Eco/Env English
Human Intervention Threatens River Ecosystems amid Climate Change
2018-01-01 00:00:00
Cedric Dent

Pure Indian carp are among the most sought fish in the world, and an entire fishing market has been built around them for many centuries now. For the most part, they are only attainable from the Halda River, which is a large yet singular source of natural carp breeding based in Bangladesh, and all of South Asia has suffered its losses as of late to the tune of some 26 different fish species in general — all wiped out in seven years’ time by water pollution. India has been suffering similar water pollution issues itself and has concluded that linking certain rivers may be the best way to deal with the problem; however, new research indicates that this will have adverse effects on Indian ecosystems.

In Bangladesh, the construction of dikes and dams on either side of the Halda has contributed to the proliferation of water pollution. A sizeable contingent of that pollution stems from the infirmed biotic community in key areas. The river itself, mind you, is exceedingly long (98 km) with a rather aggressive tributary known as the Dhurung River that merges with Purba Dhalai some 48 km downstream. Halda stretches from the Badnatali Hill Ranges in the Chittagong Hill Tracts down through Fatikchhari upazila, Bhujppur Thana, Hathazari upazila, followed by Raozan and then Chandgaon Thana. It finally spills into the Karnaphuli River, and all of these mouths, so to speak, indicate to anyone who knows rivers that the Halda River is a fairly massive body of water feeding an intricate network of other rivers.

Last year, the Impact Assessment on Upstream Water Withdrawal to Conserve Natural Breeding Habitat of Major Carps in the River Halda — a public study commissioned by multiple academic institutions — completed and published its analysis. It found several contributing factors to the eradication of the 26 fish species, and one was the residue flushed by tobacco farmers, factories, siltation and sand extractors. Bangladesh Agricultural University, Chittagong University and Bangladesh University of Engineering Technology all contributed researchers to the team responsible for the study, and the interdisciplinary team of experts researched the issue for a full year.

About 76 river species were counted in total based on a previous 2009 study according to Dr. Manjururl Kibria, a zoology professor at Chittagong University. He now says there are only 50 species remaining. Between 1976 and 2011, so many dams have been built that these constructs now present ecological upheaval within the food chain and on the riverbank. This has greatly diminished the amount of plankton and benthos present; both of which serve as critical food sources for fish.

Similar problems have prompted India to try all sorts of things to clean and protect certain rivers, but India’s concerns are also a bit different. They’re informed by the need for better water distribution in general as certain areas go dry while others don’t. The Union government now wants to interlink rivers via the new Interlinking of Rivers program. The idea is that linkages will yield water distribution equity so that, at the very least, all regions will have the same amount of water available. They’ve already started working toward this goal, in fact, for the Betwa and Ken rivers.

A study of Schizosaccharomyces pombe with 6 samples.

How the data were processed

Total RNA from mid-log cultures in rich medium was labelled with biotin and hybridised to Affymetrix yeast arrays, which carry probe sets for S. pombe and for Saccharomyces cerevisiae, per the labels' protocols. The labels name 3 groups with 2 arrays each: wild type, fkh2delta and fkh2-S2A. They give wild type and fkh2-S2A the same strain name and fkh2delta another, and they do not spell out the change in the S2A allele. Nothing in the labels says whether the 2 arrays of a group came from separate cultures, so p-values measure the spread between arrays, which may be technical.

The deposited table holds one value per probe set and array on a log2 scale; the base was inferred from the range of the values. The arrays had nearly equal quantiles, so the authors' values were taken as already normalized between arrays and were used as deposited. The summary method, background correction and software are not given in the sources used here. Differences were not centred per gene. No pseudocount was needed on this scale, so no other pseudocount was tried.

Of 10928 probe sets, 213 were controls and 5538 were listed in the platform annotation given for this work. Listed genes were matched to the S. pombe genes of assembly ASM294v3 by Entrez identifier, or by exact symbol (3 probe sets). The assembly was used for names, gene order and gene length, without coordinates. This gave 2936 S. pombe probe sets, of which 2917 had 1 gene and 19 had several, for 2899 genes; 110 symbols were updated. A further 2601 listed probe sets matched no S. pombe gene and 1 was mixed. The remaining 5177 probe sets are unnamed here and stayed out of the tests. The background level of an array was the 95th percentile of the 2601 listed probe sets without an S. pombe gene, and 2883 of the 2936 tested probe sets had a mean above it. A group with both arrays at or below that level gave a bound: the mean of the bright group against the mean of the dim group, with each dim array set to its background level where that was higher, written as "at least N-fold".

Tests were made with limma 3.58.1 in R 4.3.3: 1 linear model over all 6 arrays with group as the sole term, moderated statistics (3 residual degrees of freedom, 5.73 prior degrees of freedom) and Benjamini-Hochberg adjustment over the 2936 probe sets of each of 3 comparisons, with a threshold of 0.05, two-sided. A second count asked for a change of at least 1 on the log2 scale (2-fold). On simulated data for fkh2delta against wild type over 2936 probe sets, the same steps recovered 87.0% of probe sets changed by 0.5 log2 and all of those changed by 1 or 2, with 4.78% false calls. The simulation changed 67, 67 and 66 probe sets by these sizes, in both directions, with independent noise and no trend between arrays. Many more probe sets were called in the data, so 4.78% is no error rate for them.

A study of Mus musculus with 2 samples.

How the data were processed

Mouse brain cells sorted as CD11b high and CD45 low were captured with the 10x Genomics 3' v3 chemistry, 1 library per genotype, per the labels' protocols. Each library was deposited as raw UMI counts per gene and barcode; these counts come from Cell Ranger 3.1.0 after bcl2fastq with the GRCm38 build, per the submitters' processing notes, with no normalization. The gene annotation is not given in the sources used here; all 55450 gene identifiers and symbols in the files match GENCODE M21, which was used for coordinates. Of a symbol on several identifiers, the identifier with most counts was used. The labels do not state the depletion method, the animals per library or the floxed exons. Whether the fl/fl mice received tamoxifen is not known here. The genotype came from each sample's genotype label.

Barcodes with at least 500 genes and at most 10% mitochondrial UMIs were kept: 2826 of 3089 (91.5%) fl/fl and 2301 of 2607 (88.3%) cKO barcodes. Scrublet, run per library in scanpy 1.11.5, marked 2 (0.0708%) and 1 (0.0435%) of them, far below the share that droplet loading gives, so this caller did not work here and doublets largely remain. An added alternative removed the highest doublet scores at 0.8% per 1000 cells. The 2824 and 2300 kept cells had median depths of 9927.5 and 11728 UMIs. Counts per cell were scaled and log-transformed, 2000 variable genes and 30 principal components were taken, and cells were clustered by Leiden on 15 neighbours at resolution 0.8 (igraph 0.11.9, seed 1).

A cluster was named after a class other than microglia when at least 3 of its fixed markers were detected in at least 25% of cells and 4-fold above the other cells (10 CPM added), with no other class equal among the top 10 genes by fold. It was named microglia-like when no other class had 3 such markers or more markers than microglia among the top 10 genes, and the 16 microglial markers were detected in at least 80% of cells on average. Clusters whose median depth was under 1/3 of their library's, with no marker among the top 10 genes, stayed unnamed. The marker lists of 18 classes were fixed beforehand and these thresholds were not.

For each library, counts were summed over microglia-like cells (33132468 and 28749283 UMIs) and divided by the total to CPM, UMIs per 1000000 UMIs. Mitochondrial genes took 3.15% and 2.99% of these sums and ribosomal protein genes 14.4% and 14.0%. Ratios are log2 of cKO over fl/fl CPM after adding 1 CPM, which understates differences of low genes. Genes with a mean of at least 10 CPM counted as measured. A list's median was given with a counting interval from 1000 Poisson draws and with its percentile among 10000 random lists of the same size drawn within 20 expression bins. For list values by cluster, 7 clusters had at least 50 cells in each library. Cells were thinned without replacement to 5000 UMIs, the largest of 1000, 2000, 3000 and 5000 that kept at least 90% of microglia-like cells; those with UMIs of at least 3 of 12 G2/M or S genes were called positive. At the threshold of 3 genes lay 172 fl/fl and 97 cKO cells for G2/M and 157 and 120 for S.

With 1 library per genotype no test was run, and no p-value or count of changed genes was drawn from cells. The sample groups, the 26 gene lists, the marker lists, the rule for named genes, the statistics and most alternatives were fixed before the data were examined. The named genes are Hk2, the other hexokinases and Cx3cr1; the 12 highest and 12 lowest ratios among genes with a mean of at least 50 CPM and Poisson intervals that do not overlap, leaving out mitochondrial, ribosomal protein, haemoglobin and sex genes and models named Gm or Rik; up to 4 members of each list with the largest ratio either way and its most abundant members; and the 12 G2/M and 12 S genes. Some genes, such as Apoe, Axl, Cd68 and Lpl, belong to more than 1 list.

Environmentalists in India say that this presents a whole new problem, as they’ve been arguing from the very beginning. They assert that linkages will change the natural flows of rivers and thereby impinge on the stability of ecosystems that rely on these rivers for a variety of important things on daily, seasonal and annual bases. Some such environmentalists published an article on it in Nature Ecology and Evolution. They argue that the natural flow already changes over time via naturally occurring patterns, and repeat cycles of drought and flood have caused this facet of river ecology to become increasingly dynamic after generations of unimpeded cycles. The man-made variation in river flows, according to the paper, is a direct threat to the general health of all fish species and, therefore, their diversity as well.

Canals, dikes, dams and other infrastructure have already made indelible changes to these ecosystems as it is, and that plight’s only expected to get worse as a result of the Interlinking of Rivers program, not to mention climate change. Global warming has already been said to be intensifying the changes in both distribution of inhabiting species and the flows of rivers by making droughts more frequent in the first place. Plant species grow collectively in what are referred to as plant guilds and, over time, have biologically adapted to help make each other more productive. These guilds populate specific sub-ecosystems.

The new research used the plant guilds in the river ecosystem of the Western US for comparisons and contrasts. That river ecosystem feeds off melting snow every year, and climate change scientists have already noted the likelihood that this process in the Western US will change climate in the future. The new study suggests that those observations and the river ecosystem in the Western US actually augur poorly for the futures of dry-land regions worldwide. They used network theory and population modeling to analyze the interaction between guilds and gain a bigger picture. They found that one of the best markers of sound ecological health is the quality of the interconnections between plant guilds.

The problem is that river flow alterations cause external stress on these plant guilds. Basically, guilds were more stably connected at points where river flow was most natural and less stably connected in areas where flows were more affected by human intervention. Better connections were found to yield stronger resistance to that external stress.